Friday, June 17, 2016

The Heros Among Us



The subway heroes of New York

After three men jumped onto a subway track in New York to save someone who had collapsed, Kelly Grovier considers what it means to be a Good Samaritan.

BBC  By Kelly Grovier  16 June 2016 

Dominated by the anguish emanating from the Orlando nightclub massacre, the news this week has strobed a dark light into the grimmest corners of the human heart. Amid such despair, there is little wonder that millions of people have since sought solace by watching and sharing 60 seconds of compassion captured recently by a graduate student in New York, after she noticed that a man had collapsed, unconscious, onto subway tracks at a station in Manhattan.


 Handheld and shaky, the smartphone lens that chronicled the rescue of the man’s leaden body by a scrum of strangers, shortly before the arrival of a train that could have crushed him, has etched a restorative scene of heroism into the popular imagination. In doing so, the video revives a visual tradition of celebrating sudden, unsolicited displays of physical courage, with countless depictions of the New Testament’s Good Samaritan in works from Rembrandt to Delacroix, Bassano to Van Gogh.

When Sumeja Tulic, a Bosnian-Libyan student at the City University of New York, heard a “large thump” echoing from the tracks as she waited for the R train from City Hall, she barely had time to aim her smartphone camera before several bystanders had leapt down from the platform to retrieve the unresponsive stranger who’d crumpled forward. “I don’t know where these men got the wit and quickness”, Tulic later told a reporter for the New York Times. Indeed quickness was essential if the unconscious man and his rescuers were to avoid impact with the oncoming train, whose imminent arrival had just been announced.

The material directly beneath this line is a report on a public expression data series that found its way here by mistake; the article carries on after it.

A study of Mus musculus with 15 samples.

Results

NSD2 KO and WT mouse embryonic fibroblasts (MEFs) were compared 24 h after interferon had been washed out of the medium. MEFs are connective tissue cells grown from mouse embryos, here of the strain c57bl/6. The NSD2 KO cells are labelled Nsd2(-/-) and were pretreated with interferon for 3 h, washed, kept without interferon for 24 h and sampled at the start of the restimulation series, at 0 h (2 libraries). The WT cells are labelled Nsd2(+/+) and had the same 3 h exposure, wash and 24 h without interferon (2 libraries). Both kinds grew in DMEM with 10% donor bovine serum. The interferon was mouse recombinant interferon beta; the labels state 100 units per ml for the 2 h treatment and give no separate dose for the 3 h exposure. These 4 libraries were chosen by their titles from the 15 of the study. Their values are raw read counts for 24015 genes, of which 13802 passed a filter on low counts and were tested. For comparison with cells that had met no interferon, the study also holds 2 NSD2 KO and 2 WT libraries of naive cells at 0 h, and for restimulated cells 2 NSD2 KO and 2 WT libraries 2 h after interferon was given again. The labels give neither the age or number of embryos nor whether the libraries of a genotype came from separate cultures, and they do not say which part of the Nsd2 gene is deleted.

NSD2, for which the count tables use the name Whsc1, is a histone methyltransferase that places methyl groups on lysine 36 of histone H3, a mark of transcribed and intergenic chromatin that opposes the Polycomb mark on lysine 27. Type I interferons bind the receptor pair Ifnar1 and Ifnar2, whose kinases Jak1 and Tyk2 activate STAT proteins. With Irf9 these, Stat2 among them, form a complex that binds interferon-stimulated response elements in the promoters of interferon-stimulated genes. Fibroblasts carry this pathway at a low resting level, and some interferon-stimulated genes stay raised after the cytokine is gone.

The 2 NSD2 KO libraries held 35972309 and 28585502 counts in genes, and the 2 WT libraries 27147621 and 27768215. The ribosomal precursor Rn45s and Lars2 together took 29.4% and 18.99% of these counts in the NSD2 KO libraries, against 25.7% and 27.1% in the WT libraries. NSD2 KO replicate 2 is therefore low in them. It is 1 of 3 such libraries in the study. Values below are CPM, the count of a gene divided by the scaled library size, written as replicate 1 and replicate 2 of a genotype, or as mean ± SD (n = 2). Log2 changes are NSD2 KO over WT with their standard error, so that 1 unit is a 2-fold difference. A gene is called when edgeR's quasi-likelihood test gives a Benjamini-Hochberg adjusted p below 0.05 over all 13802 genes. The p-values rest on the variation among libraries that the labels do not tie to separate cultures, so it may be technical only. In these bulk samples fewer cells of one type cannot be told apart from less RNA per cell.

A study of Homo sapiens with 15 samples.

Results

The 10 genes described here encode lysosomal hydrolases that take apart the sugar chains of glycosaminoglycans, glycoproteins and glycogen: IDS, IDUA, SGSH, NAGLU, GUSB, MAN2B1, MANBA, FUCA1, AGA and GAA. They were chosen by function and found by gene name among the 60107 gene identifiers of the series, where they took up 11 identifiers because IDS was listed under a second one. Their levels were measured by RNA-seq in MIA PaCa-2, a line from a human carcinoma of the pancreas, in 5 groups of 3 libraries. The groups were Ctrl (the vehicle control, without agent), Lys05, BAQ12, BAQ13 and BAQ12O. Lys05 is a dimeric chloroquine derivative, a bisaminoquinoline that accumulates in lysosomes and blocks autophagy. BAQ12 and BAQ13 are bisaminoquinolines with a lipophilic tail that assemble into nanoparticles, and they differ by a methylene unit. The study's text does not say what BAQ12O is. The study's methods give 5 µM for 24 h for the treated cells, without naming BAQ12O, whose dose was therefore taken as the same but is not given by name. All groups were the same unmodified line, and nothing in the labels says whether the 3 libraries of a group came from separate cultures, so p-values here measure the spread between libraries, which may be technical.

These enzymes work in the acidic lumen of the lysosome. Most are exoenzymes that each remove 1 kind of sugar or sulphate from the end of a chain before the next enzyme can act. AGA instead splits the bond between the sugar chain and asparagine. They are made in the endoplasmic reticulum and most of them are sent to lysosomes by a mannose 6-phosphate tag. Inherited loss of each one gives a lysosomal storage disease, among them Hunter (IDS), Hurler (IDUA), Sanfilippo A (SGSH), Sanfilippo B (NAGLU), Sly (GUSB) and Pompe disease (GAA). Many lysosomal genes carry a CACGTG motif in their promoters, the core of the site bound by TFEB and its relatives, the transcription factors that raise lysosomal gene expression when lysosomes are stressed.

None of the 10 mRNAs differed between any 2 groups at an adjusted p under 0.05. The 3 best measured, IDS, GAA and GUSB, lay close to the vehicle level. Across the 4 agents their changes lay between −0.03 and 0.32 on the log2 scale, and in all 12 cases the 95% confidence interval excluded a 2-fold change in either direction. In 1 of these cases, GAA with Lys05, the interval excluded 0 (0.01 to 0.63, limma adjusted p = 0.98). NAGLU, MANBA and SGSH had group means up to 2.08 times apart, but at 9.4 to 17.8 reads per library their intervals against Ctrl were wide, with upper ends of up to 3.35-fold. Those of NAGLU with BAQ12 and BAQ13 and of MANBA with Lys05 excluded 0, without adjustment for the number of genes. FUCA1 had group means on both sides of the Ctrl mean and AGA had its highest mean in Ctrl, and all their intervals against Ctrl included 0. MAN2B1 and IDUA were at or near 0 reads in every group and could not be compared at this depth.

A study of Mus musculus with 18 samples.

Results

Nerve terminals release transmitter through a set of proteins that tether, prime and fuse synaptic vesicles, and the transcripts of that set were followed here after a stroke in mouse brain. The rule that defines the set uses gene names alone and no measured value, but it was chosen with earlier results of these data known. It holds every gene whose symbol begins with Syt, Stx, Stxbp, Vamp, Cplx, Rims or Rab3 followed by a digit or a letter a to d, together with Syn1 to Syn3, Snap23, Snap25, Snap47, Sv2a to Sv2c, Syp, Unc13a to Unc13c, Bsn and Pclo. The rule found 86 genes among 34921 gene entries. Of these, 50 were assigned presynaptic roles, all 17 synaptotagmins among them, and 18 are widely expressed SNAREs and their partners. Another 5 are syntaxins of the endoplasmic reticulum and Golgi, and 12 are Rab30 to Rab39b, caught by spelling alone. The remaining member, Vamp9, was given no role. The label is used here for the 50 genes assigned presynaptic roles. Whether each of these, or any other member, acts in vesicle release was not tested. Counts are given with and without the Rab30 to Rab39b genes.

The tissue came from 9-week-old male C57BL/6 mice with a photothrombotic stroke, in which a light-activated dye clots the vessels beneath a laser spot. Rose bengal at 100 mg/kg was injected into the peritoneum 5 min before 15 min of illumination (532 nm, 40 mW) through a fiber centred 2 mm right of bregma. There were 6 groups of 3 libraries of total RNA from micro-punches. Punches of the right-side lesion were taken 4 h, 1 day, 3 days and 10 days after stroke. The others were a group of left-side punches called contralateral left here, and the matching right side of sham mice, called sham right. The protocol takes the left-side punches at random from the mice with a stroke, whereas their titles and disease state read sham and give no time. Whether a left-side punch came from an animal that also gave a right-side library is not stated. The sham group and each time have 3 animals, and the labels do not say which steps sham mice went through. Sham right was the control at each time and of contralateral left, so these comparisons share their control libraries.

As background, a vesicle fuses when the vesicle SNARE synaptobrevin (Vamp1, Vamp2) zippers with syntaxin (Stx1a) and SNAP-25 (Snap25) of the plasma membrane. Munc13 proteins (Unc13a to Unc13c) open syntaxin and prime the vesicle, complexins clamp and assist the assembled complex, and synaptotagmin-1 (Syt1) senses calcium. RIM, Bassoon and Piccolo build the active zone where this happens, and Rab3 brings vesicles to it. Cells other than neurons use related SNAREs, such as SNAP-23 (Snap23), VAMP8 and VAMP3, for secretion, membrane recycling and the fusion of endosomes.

Most memorable to Tulic, as she watched the heroic act unfold, was the sheer heft of the fallen figure, whom she described as “about six foot tall – a heavy man by default”. The imagined strength required to hoist him out of harm’s way is what suspends the act in the mind’s eye, and transforms the deed from mere intention to the archetypally gallant. In this respect, the resonance of the act captured by Tulic finds its more compelling parallel not in one of the well-known paintings by the heavy-weight artists mentioned earlier, but in a sculpture by the comparatively less well-known French artist, François-Léon Sicard.

François-Léon Sicard’s 1896 sculpture The Good Samaritan depicts a benevolent stranger (Credit: Wikimedia)

Like the better-known canvases of his forebears, Sicard’s 1896 sculpture Le Bon Samaritain, which stands in open air in Paris’s Tuileries Gardens, depicts a scene from the Book of Luke, in which a stripped and beaten man is helped by a benevolent stranger from a rival community. But where the earlier paintings are preoccupied with easing the weight of the rescued figure onto a horse, which will assist in the awkward conveyance of the wounded body, the twisted physiques of Sicard’s sparer composition suspends forever in an eternal moment of muscular struggle, the arduous poetry of unresting compassion.

100 Works of Art That Will Define Our Age by Kelly Grovier is published by Thames & Hudson.